Railroad unions in process of ratifying labor deal
Posted on Oct 13, 2022 at 0:00 AM
Railway unions reached a tentative agreement with Class I freight railroad companies the night of Sept. 17 to prevent a nationwide strike set to begin the next day. Now the 12 unions that collectively represent the 115,000 railway employees involved are in the process of deciding if they will ratify the agreement that would give workers a 24% pay increase for the period 2020-2024 with a 14.1% wage increase effective immediately and five annual $1,000 lump sum payments.
As of Oct. 12, five of the 12 railroad unions had ratified the agreement – Transportation Communications International Union, Brotherhood of Railway Carmen, Railroad Electrical Workers Branch of the International Brotherhood of Electrical Workers and American Train Dispatchers Association.
On Oct. 10, the Brotherhood of Maintenance of Way Employees Division of the International Brotherhood of Teamsters (BMWED) members voted against ratifying the September agreement. The BMWED, which represents track workers, said the reason it rejected the September agreement was because the agreement does not address a lack of paid time off, particularly sick time, and working conditions. The BMWED has agreed to delay striking until five days after Congress reconvenes in November. Congress is expected to reconvene Nov. 14.
The other seven unions have set dates for their members to vote on the proposed agreement between Oct. 13 (National Conference of Firemen & Oilers) and no later than Nov. 20(IAM). The Brotherhood of Railroad Signalmen will vote by Oct. 26; International Brotherhood of Boilermakers by Nov. 11; Brotherhood of Locomotive Engineers & Trainmen and Sheet Metal Air Rail Transportation - Transportation Division, both by Nov. 17. All 12 railway unions must ratify their contracts to prevent a nationwide strike.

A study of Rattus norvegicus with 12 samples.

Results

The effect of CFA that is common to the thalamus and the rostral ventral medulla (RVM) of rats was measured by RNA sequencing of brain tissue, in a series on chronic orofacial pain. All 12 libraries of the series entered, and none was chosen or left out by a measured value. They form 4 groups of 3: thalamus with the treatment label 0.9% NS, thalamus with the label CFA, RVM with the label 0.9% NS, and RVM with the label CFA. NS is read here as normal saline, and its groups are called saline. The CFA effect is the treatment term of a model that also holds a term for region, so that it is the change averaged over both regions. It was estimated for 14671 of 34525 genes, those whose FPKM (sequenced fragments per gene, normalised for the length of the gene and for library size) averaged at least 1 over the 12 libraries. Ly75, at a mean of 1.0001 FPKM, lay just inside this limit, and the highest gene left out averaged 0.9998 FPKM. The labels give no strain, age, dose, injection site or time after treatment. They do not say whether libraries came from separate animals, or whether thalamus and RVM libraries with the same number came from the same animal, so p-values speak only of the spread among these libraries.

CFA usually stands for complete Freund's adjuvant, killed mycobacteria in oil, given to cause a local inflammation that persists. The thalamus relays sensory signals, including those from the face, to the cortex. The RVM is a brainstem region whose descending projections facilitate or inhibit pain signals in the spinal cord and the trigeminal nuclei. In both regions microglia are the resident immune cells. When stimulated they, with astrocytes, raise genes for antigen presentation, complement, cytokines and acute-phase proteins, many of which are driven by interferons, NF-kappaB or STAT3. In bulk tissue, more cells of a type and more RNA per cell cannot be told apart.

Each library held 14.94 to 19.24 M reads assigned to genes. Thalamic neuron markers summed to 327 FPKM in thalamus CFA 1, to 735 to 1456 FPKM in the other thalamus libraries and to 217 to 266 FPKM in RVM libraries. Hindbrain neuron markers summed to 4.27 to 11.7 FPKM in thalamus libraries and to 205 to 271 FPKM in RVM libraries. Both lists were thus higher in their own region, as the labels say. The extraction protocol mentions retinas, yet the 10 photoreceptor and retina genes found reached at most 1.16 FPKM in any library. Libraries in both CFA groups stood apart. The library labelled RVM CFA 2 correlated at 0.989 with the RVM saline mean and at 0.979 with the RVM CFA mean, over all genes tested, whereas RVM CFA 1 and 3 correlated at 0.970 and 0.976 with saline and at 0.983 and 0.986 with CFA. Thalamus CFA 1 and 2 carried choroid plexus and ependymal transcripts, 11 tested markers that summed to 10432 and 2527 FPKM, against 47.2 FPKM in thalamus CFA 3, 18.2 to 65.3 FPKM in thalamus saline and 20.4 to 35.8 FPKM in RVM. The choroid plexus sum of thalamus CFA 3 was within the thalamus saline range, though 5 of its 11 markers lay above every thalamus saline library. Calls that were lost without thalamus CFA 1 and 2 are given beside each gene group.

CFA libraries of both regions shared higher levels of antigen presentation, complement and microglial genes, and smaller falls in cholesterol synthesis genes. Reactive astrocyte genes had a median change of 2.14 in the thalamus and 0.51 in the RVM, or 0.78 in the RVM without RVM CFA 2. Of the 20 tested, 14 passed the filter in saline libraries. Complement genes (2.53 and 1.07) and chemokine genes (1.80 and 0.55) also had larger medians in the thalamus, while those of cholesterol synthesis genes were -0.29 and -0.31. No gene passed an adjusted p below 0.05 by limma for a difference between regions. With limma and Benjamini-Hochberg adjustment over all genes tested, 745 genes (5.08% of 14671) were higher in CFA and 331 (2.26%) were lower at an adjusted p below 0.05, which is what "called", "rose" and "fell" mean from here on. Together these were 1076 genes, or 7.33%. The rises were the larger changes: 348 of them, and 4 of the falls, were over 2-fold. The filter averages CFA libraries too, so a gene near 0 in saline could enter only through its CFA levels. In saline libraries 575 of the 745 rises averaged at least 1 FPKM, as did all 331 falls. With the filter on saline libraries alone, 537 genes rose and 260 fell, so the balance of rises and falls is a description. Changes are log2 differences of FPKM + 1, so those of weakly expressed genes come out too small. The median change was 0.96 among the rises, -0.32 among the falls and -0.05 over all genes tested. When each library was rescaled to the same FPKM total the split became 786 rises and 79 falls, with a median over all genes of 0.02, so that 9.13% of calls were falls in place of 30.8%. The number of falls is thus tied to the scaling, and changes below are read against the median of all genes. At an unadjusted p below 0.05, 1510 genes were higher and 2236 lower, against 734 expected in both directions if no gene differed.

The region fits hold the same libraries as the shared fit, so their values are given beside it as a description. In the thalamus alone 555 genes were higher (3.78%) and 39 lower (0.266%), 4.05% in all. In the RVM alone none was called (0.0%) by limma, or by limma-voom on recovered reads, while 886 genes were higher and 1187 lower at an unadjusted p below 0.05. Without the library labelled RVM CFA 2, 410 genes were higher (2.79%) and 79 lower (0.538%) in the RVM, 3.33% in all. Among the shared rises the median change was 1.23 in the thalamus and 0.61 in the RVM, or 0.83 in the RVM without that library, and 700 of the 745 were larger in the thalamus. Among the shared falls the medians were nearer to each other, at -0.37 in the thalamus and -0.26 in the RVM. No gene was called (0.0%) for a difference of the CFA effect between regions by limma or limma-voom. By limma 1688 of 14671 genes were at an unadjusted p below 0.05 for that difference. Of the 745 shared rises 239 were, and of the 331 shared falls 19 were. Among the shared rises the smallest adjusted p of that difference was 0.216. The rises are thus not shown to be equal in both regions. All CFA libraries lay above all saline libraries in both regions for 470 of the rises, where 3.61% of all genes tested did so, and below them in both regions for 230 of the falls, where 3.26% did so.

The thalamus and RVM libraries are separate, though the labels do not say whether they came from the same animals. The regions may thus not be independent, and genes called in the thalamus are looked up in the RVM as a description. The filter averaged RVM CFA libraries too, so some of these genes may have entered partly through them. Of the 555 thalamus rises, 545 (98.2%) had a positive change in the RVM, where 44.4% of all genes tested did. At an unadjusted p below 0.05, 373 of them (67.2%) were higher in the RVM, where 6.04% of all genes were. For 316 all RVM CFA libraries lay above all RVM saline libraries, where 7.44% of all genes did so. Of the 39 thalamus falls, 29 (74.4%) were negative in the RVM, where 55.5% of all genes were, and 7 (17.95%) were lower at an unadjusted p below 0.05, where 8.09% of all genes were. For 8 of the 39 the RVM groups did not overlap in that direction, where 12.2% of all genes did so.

According to the National Railway Labor Conference (NRLC), which represents all the unions, the wage increases in the tentative new agreement are the most substantial in decades – with average rail worker wages reaching about $110,000 per year by the end of the agreement. When health care, retirement, and other benefits are considered, the value of rail employees’ total compensation package would average about $160,000 per year, the NRLC reports on its website.
A portion of the wage increases and lump sum payments are retroactive. On average employees would receive $11,000 in immediate payouts, according to the NRLC.
If the tentative agreement between the railway unions and companies is not ratified by the unions, the NRLC reports that the parties have agreed to maintain the status quo for a period of time pending further discussions and assessment of next steps so that a failed ratification does not present risk of an immediate service disruption.